Kevin Hollinrake MP, Co-Chair of the All-Party Parliamentary Group on Fair Business Banking, said: “We are, of course, pleased that an agreement has been reached and that Lloyds have apologised for their treatment of Sally Masterton, who has been treated disgracefully by the bank. But this does now raise important questions that must be answered:
Why did Lloyds deny that they had commissioned the report?
Why did they set out to destroy Sally’s reputation and credibility?
Why did they ignore the requests of Thames Valley Police officers who were investigating the HBOS fraud to have continued access to Ms Masterton and instead suspend her from her duties?
Why did they tell the FCA that Sally’s actions were not sanctioned by the bank and that there was no substance to her report?
What investigations did the Lloyds CEO and Chairman carry out into the fraud allegations contained in Sally Masterton’s report?
What investigations did the FCA carry out into the fraud allegations contained in Sally Masterton’s report?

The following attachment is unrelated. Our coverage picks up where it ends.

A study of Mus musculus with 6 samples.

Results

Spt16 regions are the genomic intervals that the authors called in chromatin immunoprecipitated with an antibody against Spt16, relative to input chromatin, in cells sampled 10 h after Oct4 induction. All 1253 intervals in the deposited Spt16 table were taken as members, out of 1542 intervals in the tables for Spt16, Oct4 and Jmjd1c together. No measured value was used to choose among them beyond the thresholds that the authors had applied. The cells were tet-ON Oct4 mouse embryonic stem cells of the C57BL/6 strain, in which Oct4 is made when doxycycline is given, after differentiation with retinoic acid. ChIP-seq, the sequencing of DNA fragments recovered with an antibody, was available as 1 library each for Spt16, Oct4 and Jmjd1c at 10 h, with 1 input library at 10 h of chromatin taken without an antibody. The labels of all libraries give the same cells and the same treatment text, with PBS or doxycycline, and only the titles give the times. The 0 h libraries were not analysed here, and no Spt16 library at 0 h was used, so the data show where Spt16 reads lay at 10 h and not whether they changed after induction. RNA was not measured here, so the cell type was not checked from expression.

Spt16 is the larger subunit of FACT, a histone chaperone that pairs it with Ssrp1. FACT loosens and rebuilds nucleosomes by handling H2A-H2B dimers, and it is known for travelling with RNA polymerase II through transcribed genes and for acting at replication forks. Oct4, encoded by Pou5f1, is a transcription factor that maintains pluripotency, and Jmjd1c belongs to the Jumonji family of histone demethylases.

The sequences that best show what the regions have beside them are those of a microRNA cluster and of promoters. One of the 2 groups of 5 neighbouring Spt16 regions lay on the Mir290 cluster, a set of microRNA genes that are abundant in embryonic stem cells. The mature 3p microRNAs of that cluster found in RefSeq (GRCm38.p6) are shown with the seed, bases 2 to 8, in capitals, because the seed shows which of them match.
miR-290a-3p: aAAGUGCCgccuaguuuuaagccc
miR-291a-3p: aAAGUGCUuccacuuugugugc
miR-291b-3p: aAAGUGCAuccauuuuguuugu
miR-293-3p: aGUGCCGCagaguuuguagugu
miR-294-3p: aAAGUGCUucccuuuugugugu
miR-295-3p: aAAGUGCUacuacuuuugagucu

Who was responsible for the actions or inactions above and what will Lloyds, its Chairman, Non-Executive Directors, the FCA, the Prudential Regulatory Authority and the Bank of England now do to hold those people to account?
We also need to now see a full, exhaustive investigation by the regulators and crime agencies into the alleged fraud cover-up itself, which must determine whether investors in the rights issue and takeover by Lloyds Bank in 2008/9 were themselves defrauded.
Confidence will not even start to return to the business banking sector until all these questions are answered to the satisfaction of the APPG, parliamentarians, the financial media, the SME Alliance and small business victims.
We must also remember that Lloyds has yet to provide appropriate compensation to the victims of the fraud, who have been waiting for justice for over a decade. The current redress scheme is internal, one-sided, opaque and unjust. No-one can reasonably argue that it is appropriate that a bank, senior managers of which have been found guilty of fraud and effectively admitted covering up evidence of fraud, should be allowed to handle their own compensation scheme for the victims of that fraud.”